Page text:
Why It’s Crucial to Recognize Your Unconscious Biases in the Workplace

Andrew Deen  |

Image via Mushki Brichta/Wikimedia

In a perfect world, we’d all be objective at work. Managers wouldn’t give preferential treatment and hiring managers would hire diverse and qualified candidates.

Unfortunately, we all know how imperfect our world and each one of us are. Our own biases trip us up on the regular, and it’s important to understand them so we can fight back and create positive, lasting organizational change.

Whether you’re hiring a new employee, doling out promotions, or simply evaluating feedback from your team, it’s crucial to recognize what goes on in your brain, and learn how to reduce the impact your biases have on your work.

What are Unconscious Biases?

In a nutshell, unconscious bias refers to the ingrained preferences and prejudices we all carry around. There are many types of unconscious biases, but they can all be problematic in the workplace. Unconscious biases are based on stereotypes, our own experiences, cultural shaping, and simple distrust for the unfamiliar. We tend to be more comfortable around people who look, talk and act like we do—which is one reason so many organizations have a diversity problem.

Unconscious biases can compel us to make illogical decisions, which can have significant impact in the workplace. For example, some teachers unconsciously reinforce stereotypes that boys are better at math and science than girls, and hiring managers often pass over qualified applicants because they have an unfamiliar accent or are a different race, while citing other criteria that made them choose someone else.

It’s an unfortunate truth that racism, sexism, and discrimination of all kinds are not limited to the people we label as racist and sexist. Women and people in minority groups are regularly subjected to comments and microaggressions shaped by cultural stereotypes from people who believe they do not have these unconscious biases.

Reducing Unconscious Biases

Unconscious biases are strong, and they’re present in every office. In one advertising organization, 60% more women and people of color were brought in for the second round of hiring when photos and names were removed from the applications before they were reviewed. We all have biases. It’s natural to want to deny this fact, but the truth is that denying biases exist doesn’t make them go away.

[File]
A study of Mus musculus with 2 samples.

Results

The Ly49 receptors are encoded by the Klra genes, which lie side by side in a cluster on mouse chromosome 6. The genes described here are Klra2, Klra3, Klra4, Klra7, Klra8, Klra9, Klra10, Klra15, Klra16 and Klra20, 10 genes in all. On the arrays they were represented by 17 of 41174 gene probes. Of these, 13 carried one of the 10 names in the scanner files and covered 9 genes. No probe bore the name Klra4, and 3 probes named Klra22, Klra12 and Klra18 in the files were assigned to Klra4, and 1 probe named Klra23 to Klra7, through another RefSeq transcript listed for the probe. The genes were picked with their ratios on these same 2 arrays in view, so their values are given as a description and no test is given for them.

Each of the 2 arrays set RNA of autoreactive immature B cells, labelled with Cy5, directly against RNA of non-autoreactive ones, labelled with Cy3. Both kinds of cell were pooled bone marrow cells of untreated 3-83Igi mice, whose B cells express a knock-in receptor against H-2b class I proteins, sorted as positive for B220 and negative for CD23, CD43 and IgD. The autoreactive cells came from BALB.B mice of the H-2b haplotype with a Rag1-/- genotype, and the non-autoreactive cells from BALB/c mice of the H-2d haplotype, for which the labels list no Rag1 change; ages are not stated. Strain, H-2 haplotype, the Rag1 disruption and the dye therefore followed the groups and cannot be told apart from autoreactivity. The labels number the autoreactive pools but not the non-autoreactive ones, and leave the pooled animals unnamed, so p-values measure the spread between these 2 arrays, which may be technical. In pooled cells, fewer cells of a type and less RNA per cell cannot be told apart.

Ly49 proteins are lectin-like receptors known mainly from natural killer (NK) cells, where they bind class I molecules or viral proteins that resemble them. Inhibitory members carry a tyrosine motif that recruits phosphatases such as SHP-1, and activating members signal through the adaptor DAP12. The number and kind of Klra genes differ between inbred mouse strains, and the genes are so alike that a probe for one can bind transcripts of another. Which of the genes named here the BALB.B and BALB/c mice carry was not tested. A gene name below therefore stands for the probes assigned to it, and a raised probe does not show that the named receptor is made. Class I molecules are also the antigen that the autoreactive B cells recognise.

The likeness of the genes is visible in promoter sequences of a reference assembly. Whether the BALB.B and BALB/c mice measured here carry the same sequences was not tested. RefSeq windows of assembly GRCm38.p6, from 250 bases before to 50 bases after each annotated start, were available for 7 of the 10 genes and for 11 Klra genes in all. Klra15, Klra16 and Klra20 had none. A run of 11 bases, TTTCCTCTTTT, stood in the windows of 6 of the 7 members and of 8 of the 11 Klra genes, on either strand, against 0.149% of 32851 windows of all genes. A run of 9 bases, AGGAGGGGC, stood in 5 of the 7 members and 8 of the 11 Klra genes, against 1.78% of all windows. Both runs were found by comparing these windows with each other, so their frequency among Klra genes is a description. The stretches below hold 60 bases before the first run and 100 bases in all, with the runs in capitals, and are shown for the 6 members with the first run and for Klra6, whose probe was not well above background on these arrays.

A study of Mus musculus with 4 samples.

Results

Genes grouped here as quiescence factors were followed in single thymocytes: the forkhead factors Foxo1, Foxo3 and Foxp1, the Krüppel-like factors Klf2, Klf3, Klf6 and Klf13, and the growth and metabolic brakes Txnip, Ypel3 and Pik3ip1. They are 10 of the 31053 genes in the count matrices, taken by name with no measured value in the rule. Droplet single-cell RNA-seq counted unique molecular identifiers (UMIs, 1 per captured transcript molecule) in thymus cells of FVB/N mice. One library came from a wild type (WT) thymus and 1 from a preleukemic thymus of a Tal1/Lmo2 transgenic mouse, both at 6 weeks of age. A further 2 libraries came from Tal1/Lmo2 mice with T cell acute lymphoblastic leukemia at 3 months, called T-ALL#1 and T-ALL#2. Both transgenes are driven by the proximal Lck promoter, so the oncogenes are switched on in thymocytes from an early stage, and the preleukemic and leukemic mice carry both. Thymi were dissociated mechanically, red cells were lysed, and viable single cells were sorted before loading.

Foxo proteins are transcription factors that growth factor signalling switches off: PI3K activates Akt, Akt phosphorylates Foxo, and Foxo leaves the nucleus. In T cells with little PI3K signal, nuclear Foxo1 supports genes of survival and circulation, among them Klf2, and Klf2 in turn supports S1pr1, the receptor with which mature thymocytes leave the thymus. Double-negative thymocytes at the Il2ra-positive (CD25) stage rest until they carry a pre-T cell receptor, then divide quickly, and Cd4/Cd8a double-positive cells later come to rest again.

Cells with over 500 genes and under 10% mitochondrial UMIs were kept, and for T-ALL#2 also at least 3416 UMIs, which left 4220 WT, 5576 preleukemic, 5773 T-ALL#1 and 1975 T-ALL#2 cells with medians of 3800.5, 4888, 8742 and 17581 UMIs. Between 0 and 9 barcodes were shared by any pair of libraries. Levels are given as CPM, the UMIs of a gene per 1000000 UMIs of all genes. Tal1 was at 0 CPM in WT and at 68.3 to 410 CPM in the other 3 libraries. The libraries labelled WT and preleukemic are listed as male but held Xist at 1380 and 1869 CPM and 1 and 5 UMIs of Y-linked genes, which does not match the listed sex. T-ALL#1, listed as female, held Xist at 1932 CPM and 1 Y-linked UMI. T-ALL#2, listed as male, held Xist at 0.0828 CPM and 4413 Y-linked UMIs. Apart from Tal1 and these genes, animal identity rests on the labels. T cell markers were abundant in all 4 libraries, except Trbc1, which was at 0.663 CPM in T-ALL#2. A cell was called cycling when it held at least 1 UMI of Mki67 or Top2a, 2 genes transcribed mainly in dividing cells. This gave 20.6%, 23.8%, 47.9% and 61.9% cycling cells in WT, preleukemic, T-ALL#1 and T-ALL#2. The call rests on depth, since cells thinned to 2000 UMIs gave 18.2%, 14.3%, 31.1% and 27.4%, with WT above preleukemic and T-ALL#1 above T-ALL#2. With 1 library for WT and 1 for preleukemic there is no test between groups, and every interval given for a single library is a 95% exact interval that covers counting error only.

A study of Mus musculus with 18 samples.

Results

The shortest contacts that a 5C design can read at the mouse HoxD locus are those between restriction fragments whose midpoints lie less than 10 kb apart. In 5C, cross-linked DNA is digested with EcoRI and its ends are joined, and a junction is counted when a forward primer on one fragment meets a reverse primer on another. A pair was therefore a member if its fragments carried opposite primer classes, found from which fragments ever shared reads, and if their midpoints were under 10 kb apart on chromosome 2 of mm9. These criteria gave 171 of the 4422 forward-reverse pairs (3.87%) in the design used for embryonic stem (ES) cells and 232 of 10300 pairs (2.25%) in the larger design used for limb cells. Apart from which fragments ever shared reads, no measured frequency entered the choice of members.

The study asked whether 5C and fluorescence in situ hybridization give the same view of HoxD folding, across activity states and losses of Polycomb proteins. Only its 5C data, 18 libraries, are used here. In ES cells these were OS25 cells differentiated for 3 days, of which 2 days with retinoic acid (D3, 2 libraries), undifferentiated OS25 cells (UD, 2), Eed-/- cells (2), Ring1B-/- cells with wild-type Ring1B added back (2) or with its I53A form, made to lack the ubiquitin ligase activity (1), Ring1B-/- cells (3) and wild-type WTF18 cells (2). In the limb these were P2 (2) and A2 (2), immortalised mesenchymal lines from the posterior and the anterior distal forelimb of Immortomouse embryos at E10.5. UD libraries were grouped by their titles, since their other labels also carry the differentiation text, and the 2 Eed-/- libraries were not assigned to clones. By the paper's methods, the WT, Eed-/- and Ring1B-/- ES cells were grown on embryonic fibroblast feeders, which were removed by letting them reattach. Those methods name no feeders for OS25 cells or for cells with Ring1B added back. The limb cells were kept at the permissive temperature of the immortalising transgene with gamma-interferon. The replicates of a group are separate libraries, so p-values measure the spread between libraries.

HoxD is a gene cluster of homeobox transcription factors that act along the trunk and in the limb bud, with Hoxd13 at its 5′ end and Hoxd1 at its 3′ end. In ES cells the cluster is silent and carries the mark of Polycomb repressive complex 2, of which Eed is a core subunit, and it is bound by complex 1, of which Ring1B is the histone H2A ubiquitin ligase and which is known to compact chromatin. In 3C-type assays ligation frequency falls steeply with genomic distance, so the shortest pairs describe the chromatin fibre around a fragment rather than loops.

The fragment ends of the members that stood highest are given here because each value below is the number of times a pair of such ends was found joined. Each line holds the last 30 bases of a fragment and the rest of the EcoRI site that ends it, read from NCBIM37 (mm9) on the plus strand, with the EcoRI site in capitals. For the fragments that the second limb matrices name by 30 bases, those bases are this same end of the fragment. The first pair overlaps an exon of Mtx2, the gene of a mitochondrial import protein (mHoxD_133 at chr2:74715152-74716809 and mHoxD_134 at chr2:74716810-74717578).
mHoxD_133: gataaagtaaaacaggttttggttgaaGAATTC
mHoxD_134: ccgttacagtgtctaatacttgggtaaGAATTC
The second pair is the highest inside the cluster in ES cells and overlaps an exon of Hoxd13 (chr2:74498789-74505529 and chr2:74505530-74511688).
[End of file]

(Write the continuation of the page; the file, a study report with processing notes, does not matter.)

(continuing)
So what can you do? Well, first you need to understand that you have biases, even if you’re not sure of what they are. Recognizing this will help you make logic-based decisions when your instincts are kicking in based on your biases.

However, understanding bias is only the first step. You’ll also need to make sure your organization takes the issue seriously. Fixing your hiring practices should be one of the first priorities, since having a more diverse workface has an enormously positive impact on company culture and productivity. There are several ways to make your hiring process more neutral, including the tactic of removing names from applications, creating a standardized interview procedure, and editing job postings for words and phrases that could turn away some applicants.

Making a push for a more diverse workforce using these hiring practices is a good start, but making sure your new hires feel comfortable and respected can require further action. Bias training is becoming more common as leaders are discovering just how damaging unconscious bias is both before and after an employee is hired. Diversity training is also gaining popularity, since Americans are increasingly diverse. Today, 14% of the population is foreign born, as compared to 5% in 1965.

Studies show some hope for fighting unconscious bias. We base strangers off of stereotypes, but our views can change once we’re more familiar with them. When we get to know someone, our view of them can change from negative to positive because we’re no longer basing what we know about them off stereotypes, but off firsthand knowledge. Focusing on similarities and encouraging logical decision-making can’t fix all unconscious biases, but they’re good places to start.

The Pitfalls of Unconscious Bias Training

As with many other initiatives in the business world, some companies and executives have taken issues like lack of diversity and unconscious bias and turned them into meaningless buzzwords and empty initiatives. It’s not enough to offer unconscious bias training; you have to take it seriously and really make an effort to change. It’s easy to set up classes for employees to listen to while they text or eat a free lunch. It’s challenging to actually take responsibility and admit that there’s a bias problem in your organization. Stepping up and changing it, however, is essential to creating a diverse and respectful environment that makes people want to stay and contribute long term.